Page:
Tuesday, August 30, 2005


Yes, I said below that looters should be shot. Certainly some leeway should be afforded in cases of food, especially in a dire situation such as this, but anytime a state of emergency exists, it should be clearly stated as part of the emergency order. After reading this, I see no reason to chnge my position.

By ALLEN G. BREED Associated Press Writer

With much of the city emptied by Hurricane Katrina, some opportunists took
advantage of the situation by looting stores.

At a Walgreen's drug store in the French Quarter, people were running out with grocery baskets and coolers full of soft drinks, chips and diapers.

When police finally showed up, a young boy stood in the door screaming, "86! 86!"
-the radio code for police-and the crowd scattered.

Denise Bollinger, a tourist from Philadelphia, stood outside and snapped pictures in

"It's downtown Baghdad," the housewife said. "It's insane. I've wanted to come here for 10 years. I thought this was a sophisticated city. I guess not."

I saw a similar scene in a grocery store on TV. Scores of people, grinning from ear to ear, mugging for the camera as they cheerfully looted the contents of the store. Their total lack of shame is what I find most unnerving. They weren't hungry people in search of food, they were people who clearly felt that the rules of civilization had been suspended and they were gleefully taking advantage of it. It's said that the veneer of civilization is thin, but frankly I think that gives these animals far too much credit. As if to prove my point, the story continues:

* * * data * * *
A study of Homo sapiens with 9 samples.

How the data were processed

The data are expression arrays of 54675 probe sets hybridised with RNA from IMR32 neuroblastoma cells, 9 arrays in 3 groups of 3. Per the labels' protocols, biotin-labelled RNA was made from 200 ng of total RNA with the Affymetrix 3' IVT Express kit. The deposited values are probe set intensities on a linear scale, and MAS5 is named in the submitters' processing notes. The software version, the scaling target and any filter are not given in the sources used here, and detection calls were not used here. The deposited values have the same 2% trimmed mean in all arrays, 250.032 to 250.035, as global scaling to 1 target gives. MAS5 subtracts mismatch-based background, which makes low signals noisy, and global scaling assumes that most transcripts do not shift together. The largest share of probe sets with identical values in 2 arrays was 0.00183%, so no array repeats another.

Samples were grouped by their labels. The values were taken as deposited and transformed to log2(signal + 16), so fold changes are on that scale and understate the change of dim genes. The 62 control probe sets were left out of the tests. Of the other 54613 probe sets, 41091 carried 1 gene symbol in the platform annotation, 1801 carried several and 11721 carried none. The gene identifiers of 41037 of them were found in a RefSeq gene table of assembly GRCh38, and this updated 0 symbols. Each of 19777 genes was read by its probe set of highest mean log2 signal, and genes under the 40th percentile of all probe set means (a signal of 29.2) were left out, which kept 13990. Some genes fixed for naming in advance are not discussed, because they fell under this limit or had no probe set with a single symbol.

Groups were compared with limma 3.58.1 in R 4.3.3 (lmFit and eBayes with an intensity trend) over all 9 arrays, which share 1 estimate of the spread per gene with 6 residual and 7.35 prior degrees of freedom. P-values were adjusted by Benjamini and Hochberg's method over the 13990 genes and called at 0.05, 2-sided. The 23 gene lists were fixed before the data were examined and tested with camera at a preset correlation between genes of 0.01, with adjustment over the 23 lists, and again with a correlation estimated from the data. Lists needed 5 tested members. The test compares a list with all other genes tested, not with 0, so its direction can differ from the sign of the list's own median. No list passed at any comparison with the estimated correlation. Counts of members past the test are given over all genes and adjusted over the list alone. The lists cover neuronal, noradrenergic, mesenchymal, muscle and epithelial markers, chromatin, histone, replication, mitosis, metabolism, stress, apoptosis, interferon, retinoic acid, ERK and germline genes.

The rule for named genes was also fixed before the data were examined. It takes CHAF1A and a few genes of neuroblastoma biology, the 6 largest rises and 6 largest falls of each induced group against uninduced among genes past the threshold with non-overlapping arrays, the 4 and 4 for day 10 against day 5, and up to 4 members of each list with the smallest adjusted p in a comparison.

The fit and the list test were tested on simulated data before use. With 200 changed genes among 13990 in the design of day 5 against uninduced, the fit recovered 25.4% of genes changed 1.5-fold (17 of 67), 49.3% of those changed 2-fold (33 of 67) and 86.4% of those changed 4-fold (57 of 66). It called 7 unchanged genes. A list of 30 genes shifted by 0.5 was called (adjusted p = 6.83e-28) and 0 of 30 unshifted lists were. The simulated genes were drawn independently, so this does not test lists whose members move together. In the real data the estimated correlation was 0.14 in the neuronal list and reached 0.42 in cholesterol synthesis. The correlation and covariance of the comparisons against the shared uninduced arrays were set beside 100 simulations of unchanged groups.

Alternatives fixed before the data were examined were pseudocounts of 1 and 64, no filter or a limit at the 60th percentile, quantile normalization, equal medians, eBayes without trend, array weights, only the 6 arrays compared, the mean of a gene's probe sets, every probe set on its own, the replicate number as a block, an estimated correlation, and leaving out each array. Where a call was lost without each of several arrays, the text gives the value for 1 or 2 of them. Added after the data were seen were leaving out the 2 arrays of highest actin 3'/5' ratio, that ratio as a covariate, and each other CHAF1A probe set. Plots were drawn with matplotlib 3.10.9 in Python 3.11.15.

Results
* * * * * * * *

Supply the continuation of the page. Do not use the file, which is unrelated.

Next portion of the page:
Around the corner on Canal Street, the main thoroughfare in the central business district, people sloshed headlong through hip-deep water as looters ripped open the steel gates on the front of several clothing and jewelry stores.

One man, who had about 10 pairs of jeans draped over his left arm, was
asked if he was salvaging things from his store.

"No," the man shouted, "that's EVERYBODY'S store."

Looters filled industrial-sized garbage cans with clothing and jewelry and floated them down the street on bits of plywood and insulation as National Guard lumbered by.

Mike Franklin stood on the trolley tracks and watched the spectacle unfold.

"To be honest with you, people who are oppressed all their lives, man, it's an opportunity to get back at society," he said.